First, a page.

Posted by dapinoyemployee in Jobhunting Pinoy Style.

Consider personal contacts.
There’s a high likelihood you can get rejected by companies with whom you do not have personal relationships or contacts.  Why?  The trust factor has not been established.  Try tapping your family, friends and acquaintances for job leads instead.  They will be more likely to take the chance to hire you than those who don’t know you.

Look for jobs in small or medium-sized companies.
Large corporations tend to have very stringent requirements regarding applicants, so your best bet would be small businesses and independent or private employers. 

Be professional.
Do not be apologetic about your past.  It’s done and over with and nobody, not even you, can change it.  Avoid being arrogant about it either.  Your employers may think that you’re the type who won’t own up to his mistakes.  That’s the kind of image you don’t want people to associate with you.

Instead, show them you are sincere about starting over and that you are quite capable of doing a good job.  You already regret doing whatever wrong thing you’ve done but it’s time for you to move on.

Be able to offer a skill.
If you have a criminal record and are trying to get employed, it often pays to have extra skills.  That way, you have something to fall back on.  Often, you’ll find that the jobs you can get are those that require strong skills. 

Having extra skills also makes you a ‘safer’ hire for most companies.  Let’s say you were convicted of estafa.  Do you really think you could still work again as an accountant?  Of course not.  Since you won’t be able to use your professional skills, best learn other skills which you can use to earn a living.

Should you put your criminal record in your resume?
Absolutely not.  If you have a criminal record, there’s no need to plaster it on your resume for everyone to see.  When you’re applying for the job, simply include all your work experience, training and skills on your resume.  Save the coming out later, when you’re being interviewed.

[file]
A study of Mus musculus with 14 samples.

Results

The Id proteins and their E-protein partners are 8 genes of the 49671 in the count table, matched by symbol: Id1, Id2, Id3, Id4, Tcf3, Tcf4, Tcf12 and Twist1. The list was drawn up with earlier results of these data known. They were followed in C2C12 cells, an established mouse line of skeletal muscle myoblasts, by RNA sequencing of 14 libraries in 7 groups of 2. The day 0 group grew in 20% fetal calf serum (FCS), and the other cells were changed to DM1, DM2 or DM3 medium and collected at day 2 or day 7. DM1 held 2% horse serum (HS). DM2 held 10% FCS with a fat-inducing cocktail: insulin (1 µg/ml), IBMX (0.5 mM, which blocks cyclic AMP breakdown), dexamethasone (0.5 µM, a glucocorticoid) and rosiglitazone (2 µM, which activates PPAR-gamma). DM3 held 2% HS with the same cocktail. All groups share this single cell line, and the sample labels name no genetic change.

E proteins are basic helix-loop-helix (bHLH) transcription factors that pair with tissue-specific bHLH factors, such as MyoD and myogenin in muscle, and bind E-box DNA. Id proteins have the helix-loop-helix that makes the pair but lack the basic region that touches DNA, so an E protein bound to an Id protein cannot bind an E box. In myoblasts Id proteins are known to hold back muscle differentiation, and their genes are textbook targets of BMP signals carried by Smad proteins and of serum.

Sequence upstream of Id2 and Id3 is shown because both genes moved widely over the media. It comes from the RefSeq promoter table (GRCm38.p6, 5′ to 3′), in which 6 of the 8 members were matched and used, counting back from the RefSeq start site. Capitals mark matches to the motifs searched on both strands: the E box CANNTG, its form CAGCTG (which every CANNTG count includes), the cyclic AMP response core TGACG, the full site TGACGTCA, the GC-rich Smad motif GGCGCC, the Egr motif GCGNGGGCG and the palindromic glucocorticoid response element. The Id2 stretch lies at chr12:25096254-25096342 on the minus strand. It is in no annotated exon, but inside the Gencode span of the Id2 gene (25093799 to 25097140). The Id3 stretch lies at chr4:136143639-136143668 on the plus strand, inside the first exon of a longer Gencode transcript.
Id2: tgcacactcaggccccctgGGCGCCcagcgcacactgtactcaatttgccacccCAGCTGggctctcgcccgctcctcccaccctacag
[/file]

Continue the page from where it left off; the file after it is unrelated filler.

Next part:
Very often, you’ll also find company questionnaires or application documents that ask if you have ever been convicted.  Answer this truthfully.  This will bring the issue out in the most convenient way for you.  Don’t wait for your employer to discover your arrest or incarceration or hear it from someone else.  Remember that companies like to perform background checks.  If you’ve been jailed or convicted of any criminal offense before, your employer will find out.

See the bright side but don’t expect too much.
It pays to be optimistic but don’t keep your expectations too high.  If you have a criminal record, employers will be hesitant to hire you and that’s a fact.  So expect to be challenged. 

However, don’t give up.  Instead of wallowing in your mistakes, focus on what you can do as a person – your skills, training, characteristics and all the qualifications that make you a desirable and valuable hire.  Be confident about who you are and professional about your dealings.

If all else fails…
Start your own business.  If you can’t imagine yourself doing odd jobs or jumping from one contractual job to the next because you can’t be hired as a fulltime employee, you could use a trade skill as a basis for your business.  You’re your own boss and don’t have to go through a screening process at all. 

You will need to find a way around certain licenses and permits because you might be questioned.  However, once you’re over that, you should be on your way.  Who knows?  You could even help out other jobhunters who have a problem that’s similar to yours.  As for your criminal record, it will still be there but no one will probably ask you about it.

What’s your story?

Do you have a criminal record?  Did you find it difficult to jobhunt?  If you were successful in landing a job, tell us how you did here and help others learn from your tips and tactics.